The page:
Page 12 - Pork Newspaper - February 2018
P. 12

BlockGrain raises $1 million from the NEM blockchain fund
Effluent pump to cut clogs
BLOCKGRAIN, an Australian agriculture supply chain tracking startup, has announced it has successfully raised 800,000 XEMs, equivalent to $1 million, through the NEM block- chain investment fund (cryptocurrency).
The startup, which was founded in 2014, is the first major Australian blockchain project to take advantage of NEM’s $90 million global investment fund.
An initiative by not-for- profit organisation NEM. io Foundation, the fund is available to startups and businesses interested in developing NEM block- chain technology-based products or services.
BlockGrain is a platform that allows farmers, bro- kers and logistic compa- nies to track grain at har- vest, through the supply
chain to consumers.
It also enables farmers
to provide the ability to create, manage and track commodity contracts.
BlockGrain co-founder and CEO Caile Ditterich said the funds will be used to integrate its cur- rent platform with NEM’s blockchain technology.
“BlockGrain was cre- ated with the mission to solve real-life problems faced by the agriculture industry today,” he said.
“We know the complex- ity of the supply chain coupled with lack of meaningful information and data results in major efficiency and productiv- ity issues for our farmers, brokers and logistic com- panies.
“We’re at a stage now where we’re ready to in- vestigate the potential application of blockchain into our platform.
“We’re looking at NEM’s technology to help us automate and provide greater visibility within the agriculture supply chain.”
Unlike other block- chains or digital ledgers, NEM’s ‘plug and play’ ap- proach is designed to offer startups and businesses a customisable, easy and secure method of making transactions and storing digital assets. Foundation di- rector for Australia and New Zealand Jason Lee said BlockGrain is an exciting example of po- tential real use cases of blockchain.
“For the past few months, we have been looking for companies in Australia that have been developed to either im- prove the way companies do business or are aiming to make a societal differ-
ence,” he said. “BlockGrain is on a
clear path to making this a reality and partnering with them is a natural fit for NEM.
“They understand how they can benefit from blockchain and how it works, and we’re con- fident we will be able to integrate their current business into our plat- form.”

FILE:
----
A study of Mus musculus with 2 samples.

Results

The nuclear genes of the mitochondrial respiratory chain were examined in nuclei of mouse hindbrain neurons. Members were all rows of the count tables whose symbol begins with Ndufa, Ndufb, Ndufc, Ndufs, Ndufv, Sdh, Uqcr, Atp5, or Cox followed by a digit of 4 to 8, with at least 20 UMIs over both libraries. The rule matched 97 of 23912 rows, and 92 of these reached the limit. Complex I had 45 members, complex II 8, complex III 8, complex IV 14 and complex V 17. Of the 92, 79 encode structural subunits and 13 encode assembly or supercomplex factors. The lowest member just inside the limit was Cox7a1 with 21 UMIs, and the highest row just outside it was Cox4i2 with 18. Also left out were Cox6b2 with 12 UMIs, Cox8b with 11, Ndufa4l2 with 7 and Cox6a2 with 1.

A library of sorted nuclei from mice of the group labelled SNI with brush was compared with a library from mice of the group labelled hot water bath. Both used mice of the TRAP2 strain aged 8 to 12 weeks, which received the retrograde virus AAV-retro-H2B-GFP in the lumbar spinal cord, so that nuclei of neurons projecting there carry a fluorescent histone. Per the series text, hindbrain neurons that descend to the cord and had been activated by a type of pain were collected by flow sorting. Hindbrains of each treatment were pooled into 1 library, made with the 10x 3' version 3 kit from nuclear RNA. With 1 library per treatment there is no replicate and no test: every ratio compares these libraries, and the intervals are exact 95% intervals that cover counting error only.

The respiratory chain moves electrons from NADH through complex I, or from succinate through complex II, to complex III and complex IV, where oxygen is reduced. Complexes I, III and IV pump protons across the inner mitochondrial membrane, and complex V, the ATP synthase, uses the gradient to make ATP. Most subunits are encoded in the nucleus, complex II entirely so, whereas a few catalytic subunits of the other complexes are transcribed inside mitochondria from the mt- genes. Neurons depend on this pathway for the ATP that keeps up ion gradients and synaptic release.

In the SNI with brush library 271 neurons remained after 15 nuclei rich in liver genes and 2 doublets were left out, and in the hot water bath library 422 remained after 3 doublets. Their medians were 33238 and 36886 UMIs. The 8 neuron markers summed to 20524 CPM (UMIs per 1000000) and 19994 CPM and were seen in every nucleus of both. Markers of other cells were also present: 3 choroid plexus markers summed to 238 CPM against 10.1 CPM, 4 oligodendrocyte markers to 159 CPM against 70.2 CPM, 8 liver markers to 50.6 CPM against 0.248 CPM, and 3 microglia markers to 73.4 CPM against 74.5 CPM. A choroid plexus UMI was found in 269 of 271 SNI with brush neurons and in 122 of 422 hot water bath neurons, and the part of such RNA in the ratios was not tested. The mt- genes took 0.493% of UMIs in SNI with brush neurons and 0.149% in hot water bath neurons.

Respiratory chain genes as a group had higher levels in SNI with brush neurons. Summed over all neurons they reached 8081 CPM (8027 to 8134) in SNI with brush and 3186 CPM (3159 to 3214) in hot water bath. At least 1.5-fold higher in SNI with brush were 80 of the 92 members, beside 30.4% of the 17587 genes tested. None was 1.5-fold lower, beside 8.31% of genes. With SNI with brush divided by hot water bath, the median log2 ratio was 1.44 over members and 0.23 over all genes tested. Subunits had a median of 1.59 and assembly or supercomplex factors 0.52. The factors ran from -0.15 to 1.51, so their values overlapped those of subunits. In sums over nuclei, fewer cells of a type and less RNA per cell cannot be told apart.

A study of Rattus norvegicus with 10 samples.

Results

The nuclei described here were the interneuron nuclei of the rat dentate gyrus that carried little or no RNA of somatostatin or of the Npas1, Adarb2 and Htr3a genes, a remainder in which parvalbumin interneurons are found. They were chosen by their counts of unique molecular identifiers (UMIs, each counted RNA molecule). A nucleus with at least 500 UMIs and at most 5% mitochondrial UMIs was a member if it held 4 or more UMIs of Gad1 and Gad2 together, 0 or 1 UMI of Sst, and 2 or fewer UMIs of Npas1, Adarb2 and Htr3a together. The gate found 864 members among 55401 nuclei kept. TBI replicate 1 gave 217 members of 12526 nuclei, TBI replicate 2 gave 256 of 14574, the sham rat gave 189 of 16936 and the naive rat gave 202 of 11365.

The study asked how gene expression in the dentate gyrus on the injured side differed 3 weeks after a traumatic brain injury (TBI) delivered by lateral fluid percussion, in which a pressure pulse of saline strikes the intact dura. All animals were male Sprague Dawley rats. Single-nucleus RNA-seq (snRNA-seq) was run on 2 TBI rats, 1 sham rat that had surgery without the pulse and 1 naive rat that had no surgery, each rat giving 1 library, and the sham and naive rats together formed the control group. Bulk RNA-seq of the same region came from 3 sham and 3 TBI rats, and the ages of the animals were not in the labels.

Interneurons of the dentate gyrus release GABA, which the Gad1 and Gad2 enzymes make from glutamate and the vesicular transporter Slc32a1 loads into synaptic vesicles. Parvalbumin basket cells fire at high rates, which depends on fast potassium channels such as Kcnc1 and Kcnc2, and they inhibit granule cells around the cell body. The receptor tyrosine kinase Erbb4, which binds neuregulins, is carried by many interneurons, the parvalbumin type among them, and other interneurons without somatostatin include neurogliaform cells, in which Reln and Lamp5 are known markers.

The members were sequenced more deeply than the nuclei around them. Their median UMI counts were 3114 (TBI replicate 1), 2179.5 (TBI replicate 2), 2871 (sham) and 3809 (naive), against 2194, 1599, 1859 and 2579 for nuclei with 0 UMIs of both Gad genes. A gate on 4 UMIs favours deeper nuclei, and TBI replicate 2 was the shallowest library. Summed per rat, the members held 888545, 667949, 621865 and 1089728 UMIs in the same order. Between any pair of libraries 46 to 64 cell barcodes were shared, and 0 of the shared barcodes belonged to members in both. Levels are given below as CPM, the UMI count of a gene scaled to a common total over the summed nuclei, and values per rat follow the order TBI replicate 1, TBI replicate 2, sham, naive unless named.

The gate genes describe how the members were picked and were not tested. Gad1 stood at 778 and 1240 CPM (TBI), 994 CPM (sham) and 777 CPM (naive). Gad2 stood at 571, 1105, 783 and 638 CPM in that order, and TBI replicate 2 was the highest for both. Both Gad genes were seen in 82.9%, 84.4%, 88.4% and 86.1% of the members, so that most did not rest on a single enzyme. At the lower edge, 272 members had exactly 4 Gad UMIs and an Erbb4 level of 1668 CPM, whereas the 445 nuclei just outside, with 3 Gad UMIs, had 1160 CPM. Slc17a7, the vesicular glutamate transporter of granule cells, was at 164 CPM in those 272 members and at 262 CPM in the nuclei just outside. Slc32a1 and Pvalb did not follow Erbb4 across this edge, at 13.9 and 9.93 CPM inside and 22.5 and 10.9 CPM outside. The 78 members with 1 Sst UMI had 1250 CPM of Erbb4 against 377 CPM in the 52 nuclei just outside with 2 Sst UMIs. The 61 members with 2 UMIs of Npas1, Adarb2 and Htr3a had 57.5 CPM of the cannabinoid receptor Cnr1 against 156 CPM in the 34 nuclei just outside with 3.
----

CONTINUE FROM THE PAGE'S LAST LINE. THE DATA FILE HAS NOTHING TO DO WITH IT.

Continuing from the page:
Nelson Valero, coun- cil member for Foundation, said Block- Grain will add tremen- dous credibility to NEM as a technology platform.
“BlockGrain is well po- sitioned to go internation- al and scale very quickly due to the large number of adopters that are either testing the beta system or already contracted to use the new BlockGrain plat- form.
“They are an established business with great po- tential.”
BlockGrain already has an established network of clients ready to use its platform as soon as it becomes available in Q2 2018.
This includes Rise Agri, Australia’s largest inde- pendent grain brokerage group and responsible for managing 1000 farmers nationally.
It looks to integrate NEM’s blockchain tech- nology by Q4 2018.
The NEM blockchain investment fund is de- cided through community voting, with companies posting the concept for their startup or business on NEM community for- ums, which are then voted on by users.
Successful companies are then presented to the Foundation, which carries out due dili- gence before issuing the funding.
HANDLINGlivestock effluent is an issue faced by both pork and dairy producers. Traditionally, vertical column pumps have been used, but there’s a trend in the market to switch to Tsurumi cut- ter pumps to eliminate clogs.
Ashley Mezenberg manages a 400-head dairy herd south of Traralgon, Victoria.
The effluent collected from his herringbone feed pad is laden with solids material.
He recently swapped over to a Tsurumi sub- mersible cutter pump supplied by Aussie Pumps Gold Distributor Rodwells.
Tsurumi, the world leader in submersible pump development, has produced a range of cut- ter pumps called the C Series that are designed
to handle effluent ef- ficiently.
The cutter pumps in- corporate a large open- channel impeller with a cutter mechanism.
A sintered tungsten carbide-alloy tip is brazed on the impeller vane.
As the impeller ro- tates, the vane tip cuts against the serrated edge of the suction cover.
This slices waste mat- erial, thus allowing free passage through the pump without clogging.
Tsurumi cast iron cutter pumps are avail- able in single and three- phase and range from 50-100mm bore.
The largest pump in the range has an enor- mous capacity of 2750l/ pmandamaxheadof 26m.
A guide rail option is available to enable easy
service of the pump without the need to re- move pipework or drain the collection pit.
Like all Tsurumi sub- mersible pumps, the C Series include features that extend the life and enhance reliability of the pump.
Significant design de- tails make a big differ- ence.
These include an anti-wicking cable en- try and silicon carbide seals.
Ashley has reported the new cutter pump is working really well and he is happy with the pump selection and performance.
Further informa- tion on the complete range of Tsurumi cut- ter pumps is available on and from Aussie Pumps Gold Distributors such as Rodwells.
Jason Lee (NEM), Sam Webb (BlockGrain) and Cale Ditterich (BlockGrain).
The Tsurumi cutter pump handles the contaminated effluent from a herring- bone feed pad at a dairy farm near Traralgon.